If you are trying to get custody of your child (or children), being their biological father certainly helps your case. Paternity itself is a legal term that usually refers to the fact that you are the child’s biological father. It is an important determination in a Washington State custody case and carries with it an obligation for you to carry some of the legal and financial burdens in your child’s life. It is the legal right of the mother to ask for this help, and the courts will usually enforce it.

As a father, you also have rights, depending on what a paternity test reveals. Often a defense from a child custody lawyer is made by showing that you are not the biological father, and therefore, you don’t bear any further financial or emotional responsibility.

If you’re suing for custody or visitation rights, however, it is in your best interest to take a paternity test to validate that you are the child’s biological father. Some states will not even hear the case, if a paternity test has not validated who the biological father is.

Being legally established as the biological father, via a paternity test, immediately gives you certain rights, as well as obligations. This helps protect both the father and the mother of the children.

In child custody court, a paternity test will establish you as the father, therefore placing you under obligation for the child but also providing you with certain rights, such as visitation or custody.In a Washington State custody case involving infidelity, a paternity test also provides you certain rights. If the child isn’t biologically yours, then you have no legal obligation to the child but certainly may wish to be of help and have visitation or custody rights.  If a paternity test shows that you are not the biological father, you can still opt to legally adopt the child and assist with fatherly duties, as well as receiving custody or visitation rights.

Simply put, a positive paternity test means you’re entitled to custodial and parental rights.
You have the right to custody, visitation, and having a future say in raising the child. This means you still hold the right to be there for your child, care for his or her livelihood, and offer emotional and financial support. If the mother does not want you to have custody or visitation, the positive test will help you maintain these rights in court.

These custody cases are legally complex, and only with the advice of a Tri-Cities family law and child custody attorney, will you know how to navigate all the options legally open to you. This is true whether you are the child’s father, biologically or not.

If We Were Never Married, Can Establishing Paternity Still Help Me Get Child Custody or Visitation Rights?

In a relationship where marriage hasn’t been involved, you don’t need a legal divorce to end the relationship. Many times, though, the parenting rights must be negotiated because keeping your child in your life still may be of major importance. If an unmarried couple separates in Washington State, the legal process still may mirror all the legal aspects involved in a custody case that traditionally is associated with divorce proceedings.

Certainly, in Washington State, parents’ rights are not only for those who have been married. Unmarried parents who separate before or after the birth of a child are entitled to the same legal opportunities and responsibilities regarding child custody, visitation, and child support. It is extremely important to note that Washington States family law courts almost always will do what’s best for the health (mental physical, and emotional), future, and financial stability of the child. This is true whether you were married parents, or not.  The well-being of the child is the court’s main concern.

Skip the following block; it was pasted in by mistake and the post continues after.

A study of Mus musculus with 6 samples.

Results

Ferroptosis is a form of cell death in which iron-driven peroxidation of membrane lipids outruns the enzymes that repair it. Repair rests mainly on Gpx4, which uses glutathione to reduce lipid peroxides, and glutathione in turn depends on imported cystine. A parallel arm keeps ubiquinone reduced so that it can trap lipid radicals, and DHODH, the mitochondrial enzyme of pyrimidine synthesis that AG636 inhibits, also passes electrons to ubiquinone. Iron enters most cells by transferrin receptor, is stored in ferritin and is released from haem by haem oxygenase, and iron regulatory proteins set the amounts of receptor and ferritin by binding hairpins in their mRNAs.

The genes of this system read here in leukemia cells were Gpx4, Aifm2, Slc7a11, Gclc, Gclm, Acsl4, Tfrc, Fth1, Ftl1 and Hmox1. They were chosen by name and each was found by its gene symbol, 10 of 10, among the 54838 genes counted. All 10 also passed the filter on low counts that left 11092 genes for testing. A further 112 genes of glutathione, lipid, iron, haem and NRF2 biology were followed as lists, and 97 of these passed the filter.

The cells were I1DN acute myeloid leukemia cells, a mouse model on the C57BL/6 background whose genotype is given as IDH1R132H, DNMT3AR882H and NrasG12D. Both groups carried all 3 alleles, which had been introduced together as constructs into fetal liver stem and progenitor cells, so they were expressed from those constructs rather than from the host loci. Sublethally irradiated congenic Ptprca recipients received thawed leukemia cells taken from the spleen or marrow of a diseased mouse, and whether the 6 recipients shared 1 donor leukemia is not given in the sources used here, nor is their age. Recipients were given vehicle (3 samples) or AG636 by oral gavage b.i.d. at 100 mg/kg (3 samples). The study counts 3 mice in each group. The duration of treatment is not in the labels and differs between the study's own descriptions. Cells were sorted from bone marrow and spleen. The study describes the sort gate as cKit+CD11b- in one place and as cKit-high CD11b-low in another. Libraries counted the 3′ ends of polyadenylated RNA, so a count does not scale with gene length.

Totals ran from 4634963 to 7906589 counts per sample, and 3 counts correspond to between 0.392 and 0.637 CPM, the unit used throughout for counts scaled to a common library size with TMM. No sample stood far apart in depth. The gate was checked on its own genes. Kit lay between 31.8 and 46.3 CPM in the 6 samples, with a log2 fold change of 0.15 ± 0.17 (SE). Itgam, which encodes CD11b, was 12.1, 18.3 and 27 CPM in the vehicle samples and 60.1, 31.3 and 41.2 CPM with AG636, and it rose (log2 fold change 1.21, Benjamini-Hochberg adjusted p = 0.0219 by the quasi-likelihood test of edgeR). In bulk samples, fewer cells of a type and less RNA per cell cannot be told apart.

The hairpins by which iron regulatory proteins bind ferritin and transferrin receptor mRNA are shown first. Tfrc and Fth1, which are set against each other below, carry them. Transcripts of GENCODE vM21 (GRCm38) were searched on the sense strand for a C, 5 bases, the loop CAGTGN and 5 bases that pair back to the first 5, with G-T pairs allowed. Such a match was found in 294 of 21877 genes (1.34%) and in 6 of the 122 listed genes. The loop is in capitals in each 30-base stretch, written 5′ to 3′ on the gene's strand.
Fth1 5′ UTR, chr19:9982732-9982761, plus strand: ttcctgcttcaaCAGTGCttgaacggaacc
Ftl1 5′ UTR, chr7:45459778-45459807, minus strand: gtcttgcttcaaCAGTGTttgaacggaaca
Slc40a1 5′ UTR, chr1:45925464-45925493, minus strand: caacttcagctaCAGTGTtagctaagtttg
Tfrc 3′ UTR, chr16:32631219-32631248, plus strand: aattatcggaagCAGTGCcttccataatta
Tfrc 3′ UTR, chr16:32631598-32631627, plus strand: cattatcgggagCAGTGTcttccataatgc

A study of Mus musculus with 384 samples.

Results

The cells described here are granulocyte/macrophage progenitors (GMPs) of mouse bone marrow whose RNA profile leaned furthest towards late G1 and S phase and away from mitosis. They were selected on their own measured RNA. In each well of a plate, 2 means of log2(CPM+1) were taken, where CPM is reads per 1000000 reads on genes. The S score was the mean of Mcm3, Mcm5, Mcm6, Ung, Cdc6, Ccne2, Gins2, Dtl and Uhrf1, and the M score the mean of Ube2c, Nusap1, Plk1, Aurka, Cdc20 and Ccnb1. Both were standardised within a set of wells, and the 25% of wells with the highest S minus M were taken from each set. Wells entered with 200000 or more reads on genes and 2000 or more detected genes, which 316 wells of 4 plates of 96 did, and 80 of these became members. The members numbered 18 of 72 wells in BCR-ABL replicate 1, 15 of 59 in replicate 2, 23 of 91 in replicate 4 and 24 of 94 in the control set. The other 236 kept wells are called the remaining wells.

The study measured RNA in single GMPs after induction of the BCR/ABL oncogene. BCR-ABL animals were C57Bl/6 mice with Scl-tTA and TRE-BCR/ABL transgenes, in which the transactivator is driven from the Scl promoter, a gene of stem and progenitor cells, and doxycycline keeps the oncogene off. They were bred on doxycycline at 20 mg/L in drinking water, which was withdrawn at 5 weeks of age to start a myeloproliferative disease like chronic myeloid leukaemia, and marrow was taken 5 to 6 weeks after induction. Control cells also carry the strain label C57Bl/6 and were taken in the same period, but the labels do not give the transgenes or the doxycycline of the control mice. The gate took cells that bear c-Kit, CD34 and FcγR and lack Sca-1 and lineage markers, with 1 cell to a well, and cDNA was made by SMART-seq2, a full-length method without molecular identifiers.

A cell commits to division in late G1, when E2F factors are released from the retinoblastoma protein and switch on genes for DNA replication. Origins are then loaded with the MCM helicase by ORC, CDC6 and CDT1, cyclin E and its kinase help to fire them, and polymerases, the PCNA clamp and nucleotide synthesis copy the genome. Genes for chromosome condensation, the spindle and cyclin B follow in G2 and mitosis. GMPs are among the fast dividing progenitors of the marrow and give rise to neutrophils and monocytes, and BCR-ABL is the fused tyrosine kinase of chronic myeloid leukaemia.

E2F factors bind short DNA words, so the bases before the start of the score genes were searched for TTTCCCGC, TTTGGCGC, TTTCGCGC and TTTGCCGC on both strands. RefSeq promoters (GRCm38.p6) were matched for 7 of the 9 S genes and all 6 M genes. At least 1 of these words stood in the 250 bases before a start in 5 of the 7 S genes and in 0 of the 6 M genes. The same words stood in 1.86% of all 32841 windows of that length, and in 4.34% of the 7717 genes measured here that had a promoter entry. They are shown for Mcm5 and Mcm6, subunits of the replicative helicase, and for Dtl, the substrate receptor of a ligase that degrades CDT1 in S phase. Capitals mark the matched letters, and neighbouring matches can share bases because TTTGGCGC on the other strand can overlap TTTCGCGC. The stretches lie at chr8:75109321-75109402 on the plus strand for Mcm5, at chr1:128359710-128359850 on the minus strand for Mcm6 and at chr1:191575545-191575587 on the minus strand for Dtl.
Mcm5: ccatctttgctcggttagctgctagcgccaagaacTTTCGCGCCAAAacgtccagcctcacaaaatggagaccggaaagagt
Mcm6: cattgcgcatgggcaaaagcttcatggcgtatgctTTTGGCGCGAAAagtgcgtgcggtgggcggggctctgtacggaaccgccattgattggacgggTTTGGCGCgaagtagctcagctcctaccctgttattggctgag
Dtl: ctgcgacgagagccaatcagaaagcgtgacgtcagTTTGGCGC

Discussing your case and all its specific details with your Tri-Cities child custody lawyer will allow him or her to successfully fight for you to reach a favorable resolution in your child custody or visitation case. This can be true whether you’re married or not and whatever the paternity test may disclose. If your wish as a parent is to have the best for your child, then your family lawyer will help you to provide it.

Will a Paternity Test Protect my Parental Rights, and How Can I Do So?

In Washington State, the courts are seeing more and more cases in which couples have children but who were never actually married. If this is the case in your relationship, then a paternity test is crucial to receiving and maintaining your rights in a custody or visitation case. Even if you were married, it will help to cement the fact that you are, in fact, the child’s father. As explained previously, historically the courts have leaned towards the mother for custody of any children involved. This is currently not the case. Whatever is better for the well-being of the child, is the guiding beacon that the courts follow.

In a traditional divorce proceeding for married couples, things such as financial support, visitation, custody, etc. are spelled out, and the courts can enforce the final decree.

In a case where you were never legally married, or if the paternity case shows that you are not the biological father, it still may be in the child’s best interests to see you, or possibly live with you. Depending on his or her age, the child may also have strong feelings (and specific reasons) for wanting you to have custody.

When this occurs, you and your Tri-Cities family lawyer will develop a parenting plan (a form of custody agreement), that you and the mother will agree to. This parenting plan will dictate the terms of custody, visitation, etc., and can be fully enforced by the court. Your child custody lawyer will help you, no matter what the circumstance, to ensure that you and your child’s future are secure.